Kevin on Kabaret :: 2012’s Top Dozen
In terms of the sheer number of great acts, this was the best year for cabaret in my memory. This, despite the tremendous losses: the death of Donald Smith, who produced and presided over the New York cabaret scene for so many years; the closing of the Oak Room in the winter; and the closing of Feinstein's at Loew's Regency at year's end. Michael Feinstein has the name, the fame, and the game to keep a club going. I pray he finds a great spot and reopens.
Nevertheless, we had the triumphant opening of 54 Below in June, with a sold-out run from legend Patti LuPone to give it a boost. It is a gorgeous room (they are billing it "Broadway's living room") and stellar acts are flocking to its stage. I predict a long run.
As I pored over my list of shows I had seen around 75 (not nearly enough to make this a definitive list, but perhaps an educated sampling), I found it hard to narrow down to a dozen. I like finding talented newcomers and veterans who perhaps haven’t yet been appreciated enough by the community.
Thus, four vets who had stunning years at the top of their game, I left off my list: Ann Hampton Callaway, Baby Jane Dexter, Shaynee Rainbolt (teaming with Donn Trenner), and Lennie Watts. Likewise, I left off T. Oliver Reid, because I named him "Best Of" last year, even though his new show, "Next Stop, Harlem" is beyond even anything he did last year. Same for Nicole Henry, whom I honored two years ago.
So, with those caveats in mind, here are my picks for the top dozen of 2012. My list is alphabetical, as always, as it would be too difficult to rank.
This baby-faced dynamo has as much fire and soul as anyone out there, and he demonstrated it best this year with his tribute show to Etta James. His vocals are as good as it gets, and yet he has an old-soul maturity beyond his thirty years.
The theater legend returned to the intimate cabaret stage with two new shows, workshopping a lot of material that he hopes to turn into a longer stage piece in the near future. Occasionally uneven, but never less than edge-of-your-seat exciting: I laughed, I cried, and I cheered as fearless DeShields pulled out all the stops.
The one-hit wonder ("Playground in My Mind") and Vegas showman surprised everybody with his depth and passion with his show blending the songs of Cole Porter and Paul Simon in his sold-out, lengthy run at The Carlyle early in the year. Trust me, he’ll become an annual event for as long as he wants to do it.
We’ve seen these kind of shows before, about how a young gay man overcomes his bullied youth with the help of an admired diva. And yet in "Mickey and Judy," Garland takes a supporting role. Intelligently written and directed, Hughes sang and spoke so winningly, it became the feel-good show of the year.
The L.A.-based film and television actress triumphantly returned to her New York cabaret roots with a one-week summer stop at 54 Below, her first New York cabaret show in over twenty years. Nobody who experienced her (yes, it’s an experience) will forget her. I just hope she makes regular visits.
Television’s comedic storyteller was so popular, he did three extended runs at The Laurie Beechman Theatre. Often hilarious and unexpectedly moving, his "Baby Daddy" show hit the pulse of the times and he established himself as one of the greats.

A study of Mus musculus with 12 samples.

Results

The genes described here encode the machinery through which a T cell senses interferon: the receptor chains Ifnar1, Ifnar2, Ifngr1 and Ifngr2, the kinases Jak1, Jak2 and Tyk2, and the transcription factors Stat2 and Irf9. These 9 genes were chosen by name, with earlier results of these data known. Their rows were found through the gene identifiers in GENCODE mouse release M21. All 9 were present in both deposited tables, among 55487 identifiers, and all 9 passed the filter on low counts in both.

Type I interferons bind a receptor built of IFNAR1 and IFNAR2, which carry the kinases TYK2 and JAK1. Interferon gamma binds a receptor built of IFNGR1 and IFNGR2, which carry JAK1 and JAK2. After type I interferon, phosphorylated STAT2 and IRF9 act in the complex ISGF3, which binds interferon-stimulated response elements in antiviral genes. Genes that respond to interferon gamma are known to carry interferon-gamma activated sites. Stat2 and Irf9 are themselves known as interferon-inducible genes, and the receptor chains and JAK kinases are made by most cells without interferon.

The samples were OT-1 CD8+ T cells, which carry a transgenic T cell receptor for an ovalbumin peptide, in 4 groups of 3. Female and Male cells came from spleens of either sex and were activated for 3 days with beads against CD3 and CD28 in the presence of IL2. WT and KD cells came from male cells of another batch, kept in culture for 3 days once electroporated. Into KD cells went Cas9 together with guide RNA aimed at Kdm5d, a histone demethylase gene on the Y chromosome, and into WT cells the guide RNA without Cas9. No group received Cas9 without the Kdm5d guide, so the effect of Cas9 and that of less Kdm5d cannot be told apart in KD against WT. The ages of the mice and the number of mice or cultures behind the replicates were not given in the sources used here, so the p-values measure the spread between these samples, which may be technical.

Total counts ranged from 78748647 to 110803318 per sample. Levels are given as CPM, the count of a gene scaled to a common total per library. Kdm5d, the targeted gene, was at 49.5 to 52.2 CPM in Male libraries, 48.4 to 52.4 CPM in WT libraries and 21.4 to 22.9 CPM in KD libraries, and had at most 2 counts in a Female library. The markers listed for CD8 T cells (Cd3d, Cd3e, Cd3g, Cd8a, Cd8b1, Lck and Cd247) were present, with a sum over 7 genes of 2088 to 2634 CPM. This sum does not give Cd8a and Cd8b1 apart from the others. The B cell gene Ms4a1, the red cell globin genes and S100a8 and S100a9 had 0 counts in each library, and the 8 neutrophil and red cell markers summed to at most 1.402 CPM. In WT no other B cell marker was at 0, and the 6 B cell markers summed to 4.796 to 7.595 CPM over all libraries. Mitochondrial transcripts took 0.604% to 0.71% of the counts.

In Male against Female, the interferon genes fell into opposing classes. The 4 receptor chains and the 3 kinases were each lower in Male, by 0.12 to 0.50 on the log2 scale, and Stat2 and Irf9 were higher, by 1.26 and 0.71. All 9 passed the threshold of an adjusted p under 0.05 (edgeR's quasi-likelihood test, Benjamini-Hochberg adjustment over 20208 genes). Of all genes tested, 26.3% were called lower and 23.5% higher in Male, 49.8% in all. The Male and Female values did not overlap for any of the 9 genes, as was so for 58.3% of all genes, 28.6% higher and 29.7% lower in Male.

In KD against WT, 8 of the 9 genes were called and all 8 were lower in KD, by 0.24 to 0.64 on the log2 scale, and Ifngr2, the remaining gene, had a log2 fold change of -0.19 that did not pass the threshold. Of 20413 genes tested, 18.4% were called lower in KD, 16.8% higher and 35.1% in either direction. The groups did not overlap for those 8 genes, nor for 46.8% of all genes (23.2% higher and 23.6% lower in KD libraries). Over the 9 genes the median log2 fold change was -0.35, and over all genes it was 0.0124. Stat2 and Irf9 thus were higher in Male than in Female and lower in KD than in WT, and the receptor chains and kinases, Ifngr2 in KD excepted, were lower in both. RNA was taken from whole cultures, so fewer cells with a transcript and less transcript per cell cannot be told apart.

In her debut show, Perlman bravely re-imagined the genre, presenting an extended fairy tale with carefully chosen songs, mostly contemporary pop, that unexpectedly fit her theatrical narrative very well. Never has the artist-journey been so creatively rendered. Perlman takes risks, and I expect that will pay off for her big-time in the long run.
A mix of classic R&B and jazz, Gregory Porter rose to the stratosphere with his second CD, "Be Good," which rode the Billboard Jazz chart all year long, and brought him a Grammy nomination a few weeks ago. Amazingly, he wrote most of the brilliant songs himself. The Bed-Stuy guy cut an odd presence at The Highline Ballroom, with his trademark retro winter hat with ear flaps, but the standing-room only crowd roared its approval for the artist in their midst.
Rimalower’s autobiographical show, "Patti Issues," was gutsy and multi-dimensional. His idol, Patti LuPone, becomes part of the narrative (first in fantasy, then in glorious real life) as he comes to terms with his often harrowing relationship with his gay father. A compelling blend of comedy and tragedy, "Patti Issues" has become a long-running triumph.
Mix a little bit of Karen Carpenter’s smooth, intimate vocals with the power of Linda Eder, then add in her own ebullient personality, and you’ll have some idea of the talent of Jennifer Sheehan. Among the women in cabaret on the scene right now, in my mind Sheehan has the loveliest vocals of all. Young as she is, I expect a long, bright future for her.
The cabaret stage has become a great place for actors to work their one-person shows. Among character pieces, none was better than "Bette Davis Ain’t for Sissies" at The Triad. Jessica Sherr channeled a young, vibrant Bette Davis on the night of the 1940 Oscars, and her work (with director Susan Campanaro) was truthful and illuminating, not descending into camp impersonation.
This triple-threat beauty from London (now stateside as she pursues a Broadway career) has enough sparkle and fizz to make it New Year’s Eve every night. In her show at Feinstein’s about sirens of the silver screen, she did a short tribute to Ms. Streisand. But I was so surprised, when I met her after the show, I greeted her with, "Barbara Who?" A consummate entertainer in every way.